Fans of Only Fools and Horses will remember a scene where the character Trigger (a street cleaner) proudly boasts of having had the same broom for over 20 years.
“This old broom has had seventeen new heads and fourteen new handles in its time” he states, prompting quizzical looks and the obvious reply:
“How the hell can it be the same bloody broom then?”
Over the next few weeks, Alex Neil and David McNally face an important challenge: improving the quality within the squad whilst retaining its fundamental sense of identity.
Or to put it another way, to stick a new handle on our old broom.
The dilemma for any promoted side is to gauge the extent to which you keep faith with the squad that got you promoted rather than relying on new players who are arguably better equipped for a higher division.
I recently suggested that a key factor for us next season could be the team-spirit that currently exists within the dressing room. We have a group of players who went on a collective roller-coaster ride that ended in jubilation on the Wembley balcony.
The question now is how many of them will stand together once more on the opening day against Palace and how many will find themselves frozen out by new arrivals? How much of the chemistry and team-spirit will remain as a result?
It’s a juggling act that Paul Lambert mastered as he transformed the group of players he inherited in League One into a squad that secured top flight safety – all within the space of four transfer windows.
Approaching each window, Lambert would signal his intentions to “bring in one or two, to give the lads a hand.” What he actually meant off course was that he was going to replace those players whose ability couldn’t keep pace with the club’s meteoric rise through the divisions.
However the inference was always that it would be minor tweaks and that the squad and its precious team spirit would remain intact.
In many respects he was lucky that the club’s rise was mirrored by that of Grant Holt, who provided stability throughout the Lambert years. He was the club captain, multiple Player of the Season winner, leading goal scorer and a big figure in the dressing room (not a dig at his waistline).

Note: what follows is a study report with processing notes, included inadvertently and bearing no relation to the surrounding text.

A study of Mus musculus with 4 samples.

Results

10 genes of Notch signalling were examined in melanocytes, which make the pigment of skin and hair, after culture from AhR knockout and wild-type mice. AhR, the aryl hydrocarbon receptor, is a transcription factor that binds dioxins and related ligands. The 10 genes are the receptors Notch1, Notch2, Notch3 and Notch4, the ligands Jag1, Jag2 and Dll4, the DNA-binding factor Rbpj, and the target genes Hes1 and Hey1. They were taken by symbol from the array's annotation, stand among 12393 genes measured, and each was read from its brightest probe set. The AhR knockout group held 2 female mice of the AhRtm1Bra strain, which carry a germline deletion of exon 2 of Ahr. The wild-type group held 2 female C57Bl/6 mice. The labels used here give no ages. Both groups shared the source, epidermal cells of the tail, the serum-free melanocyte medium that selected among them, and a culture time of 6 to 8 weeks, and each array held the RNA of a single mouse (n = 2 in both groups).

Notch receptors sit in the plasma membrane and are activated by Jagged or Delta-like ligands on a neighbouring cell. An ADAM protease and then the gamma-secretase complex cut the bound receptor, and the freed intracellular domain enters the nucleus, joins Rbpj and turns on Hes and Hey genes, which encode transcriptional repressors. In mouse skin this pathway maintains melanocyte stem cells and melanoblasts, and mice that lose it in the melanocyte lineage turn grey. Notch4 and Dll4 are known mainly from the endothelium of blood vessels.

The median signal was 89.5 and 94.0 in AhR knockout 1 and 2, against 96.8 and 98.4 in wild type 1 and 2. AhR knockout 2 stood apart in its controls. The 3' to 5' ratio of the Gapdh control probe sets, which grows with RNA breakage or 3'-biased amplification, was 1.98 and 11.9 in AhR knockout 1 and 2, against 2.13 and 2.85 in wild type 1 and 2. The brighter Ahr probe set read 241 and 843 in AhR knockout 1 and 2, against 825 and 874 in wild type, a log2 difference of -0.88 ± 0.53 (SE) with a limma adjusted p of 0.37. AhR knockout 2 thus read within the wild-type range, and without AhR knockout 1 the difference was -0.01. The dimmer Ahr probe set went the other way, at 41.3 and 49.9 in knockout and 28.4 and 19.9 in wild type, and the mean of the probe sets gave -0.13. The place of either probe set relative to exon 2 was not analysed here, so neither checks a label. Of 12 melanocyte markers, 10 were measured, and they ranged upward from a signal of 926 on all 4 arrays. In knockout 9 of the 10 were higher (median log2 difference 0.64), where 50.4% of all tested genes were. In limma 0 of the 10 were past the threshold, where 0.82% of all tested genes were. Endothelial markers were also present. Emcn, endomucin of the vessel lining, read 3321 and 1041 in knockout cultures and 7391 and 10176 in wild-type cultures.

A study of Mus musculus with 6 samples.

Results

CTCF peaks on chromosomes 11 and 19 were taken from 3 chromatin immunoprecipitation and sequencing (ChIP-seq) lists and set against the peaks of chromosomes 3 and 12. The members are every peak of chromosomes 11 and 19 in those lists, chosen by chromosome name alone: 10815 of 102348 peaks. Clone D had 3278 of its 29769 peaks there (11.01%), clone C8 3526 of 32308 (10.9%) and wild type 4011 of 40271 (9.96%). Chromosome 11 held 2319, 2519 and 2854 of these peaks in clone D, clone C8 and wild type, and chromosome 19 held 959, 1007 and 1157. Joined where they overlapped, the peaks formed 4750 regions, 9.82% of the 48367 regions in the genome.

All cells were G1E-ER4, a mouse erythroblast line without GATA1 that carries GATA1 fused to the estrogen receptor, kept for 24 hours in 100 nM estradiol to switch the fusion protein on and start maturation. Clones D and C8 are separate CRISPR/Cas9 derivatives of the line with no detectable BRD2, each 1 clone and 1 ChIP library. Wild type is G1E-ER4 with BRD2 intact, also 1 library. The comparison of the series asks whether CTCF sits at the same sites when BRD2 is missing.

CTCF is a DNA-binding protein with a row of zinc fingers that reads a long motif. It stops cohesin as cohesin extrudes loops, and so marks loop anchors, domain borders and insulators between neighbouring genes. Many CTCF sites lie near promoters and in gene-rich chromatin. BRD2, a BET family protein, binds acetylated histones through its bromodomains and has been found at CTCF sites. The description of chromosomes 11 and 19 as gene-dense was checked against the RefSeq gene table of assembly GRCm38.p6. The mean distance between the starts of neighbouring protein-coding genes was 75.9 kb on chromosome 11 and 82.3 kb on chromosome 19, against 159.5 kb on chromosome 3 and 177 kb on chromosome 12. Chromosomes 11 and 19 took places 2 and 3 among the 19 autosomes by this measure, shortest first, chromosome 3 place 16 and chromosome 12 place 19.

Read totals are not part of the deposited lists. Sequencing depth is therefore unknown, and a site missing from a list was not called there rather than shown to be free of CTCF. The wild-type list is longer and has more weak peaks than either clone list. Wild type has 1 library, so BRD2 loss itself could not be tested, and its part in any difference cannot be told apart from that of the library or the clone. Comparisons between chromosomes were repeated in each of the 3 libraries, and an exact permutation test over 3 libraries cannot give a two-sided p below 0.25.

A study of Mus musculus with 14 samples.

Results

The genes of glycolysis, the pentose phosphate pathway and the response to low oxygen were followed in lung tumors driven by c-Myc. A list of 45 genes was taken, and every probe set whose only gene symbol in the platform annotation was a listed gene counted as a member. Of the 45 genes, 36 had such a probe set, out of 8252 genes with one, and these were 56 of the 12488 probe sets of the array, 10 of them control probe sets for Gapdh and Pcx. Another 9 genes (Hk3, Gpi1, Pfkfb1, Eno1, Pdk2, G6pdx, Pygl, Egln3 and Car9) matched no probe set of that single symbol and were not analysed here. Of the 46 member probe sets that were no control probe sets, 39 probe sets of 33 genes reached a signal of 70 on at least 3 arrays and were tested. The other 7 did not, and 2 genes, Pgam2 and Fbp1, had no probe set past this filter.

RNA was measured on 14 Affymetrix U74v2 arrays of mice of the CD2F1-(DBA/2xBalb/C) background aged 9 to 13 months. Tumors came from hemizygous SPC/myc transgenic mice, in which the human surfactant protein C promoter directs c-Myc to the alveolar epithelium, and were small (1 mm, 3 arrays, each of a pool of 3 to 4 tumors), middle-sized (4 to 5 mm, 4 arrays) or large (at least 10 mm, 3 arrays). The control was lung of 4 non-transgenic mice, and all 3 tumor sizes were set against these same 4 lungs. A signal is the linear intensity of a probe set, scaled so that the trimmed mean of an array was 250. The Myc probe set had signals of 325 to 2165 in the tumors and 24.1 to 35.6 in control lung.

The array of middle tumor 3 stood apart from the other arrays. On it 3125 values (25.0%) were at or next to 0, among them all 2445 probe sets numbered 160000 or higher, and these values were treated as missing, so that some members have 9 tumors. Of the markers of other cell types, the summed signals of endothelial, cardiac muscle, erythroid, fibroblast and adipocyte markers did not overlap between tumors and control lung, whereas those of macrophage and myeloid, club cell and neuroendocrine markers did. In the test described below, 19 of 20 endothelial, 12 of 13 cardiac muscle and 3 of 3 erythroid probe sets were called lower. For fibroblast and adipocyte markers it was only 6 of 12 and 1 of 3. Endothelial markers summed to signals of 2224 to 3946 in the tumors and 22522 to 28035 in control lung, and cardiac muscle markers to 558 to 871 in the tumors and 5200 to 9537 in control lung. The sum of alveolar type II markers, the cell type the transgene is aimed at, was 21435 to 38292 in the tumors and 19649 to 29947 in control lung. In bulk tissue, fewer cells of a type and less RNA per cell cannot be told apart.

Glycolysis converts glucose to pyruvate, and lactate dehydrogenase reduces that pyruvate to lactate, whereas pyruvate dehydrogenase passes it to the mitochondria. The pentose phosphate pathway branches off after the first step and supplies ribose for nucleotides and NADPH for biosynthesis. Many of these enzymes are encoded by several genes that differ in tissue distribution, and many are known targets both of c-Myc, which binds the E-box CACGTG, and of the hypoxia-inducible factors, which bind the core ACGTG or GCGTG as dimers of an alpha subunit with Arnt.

Holty became a talisman and alongside Wes Hoolahan and Russell Martin, provided the club with consistency and identity. The overhaul of playing staff that took place under Lambert was significant but it always felt like a gradual evolution with Holty as the figurehead.
All good things come to an end of course but when we swapped our number 9 for a flashy expensive new one, it left a massive hole (again not a dig at his physique) and fundamentally changed the dynamic within the team. Snoddy’s attempt to take over the mantle was perhaps as successful as his attempt to take over penalty duties.
It wasn’t the first time either. Promotion in 2004 saw the departure of two big characters in Iwan Roberts and Malky MacKay. City legends who helped define the title-winning side but who were deemed surplus to requirements immediately after.
In both examples, it ended in tears the following season and whilst I’m not suggesting this was the sole reason for either of those relegations, there’s so much more to building and sustaining a team than simply bolting on expensive new signings. If that were true, Man City’s millions would have bought the Champions League a long time ago.
The off-season is a trying time for any football fan. There’s an understandable clamour for transfer news and questions over when and where the club is going to splash the cash.
It’s fun to speculate of course but some folk seem all too keen on slotting each new rumoured target into their starting XI with little regard for who makes way and what that does to the balance of the team.
Let’s not forget that unlike our last two promotion-winning sides, Alex Neil already has a squad packed full of Premier League experience. He also has characters such as Wes and Russ that have been an integral part of the City journey through good times and bad.
Yes we need to strengthen but if it was down to me, I would leave the majority of the squad unchanged and (as a wise man once put it) just “bring one or two in to give the lads a hand”.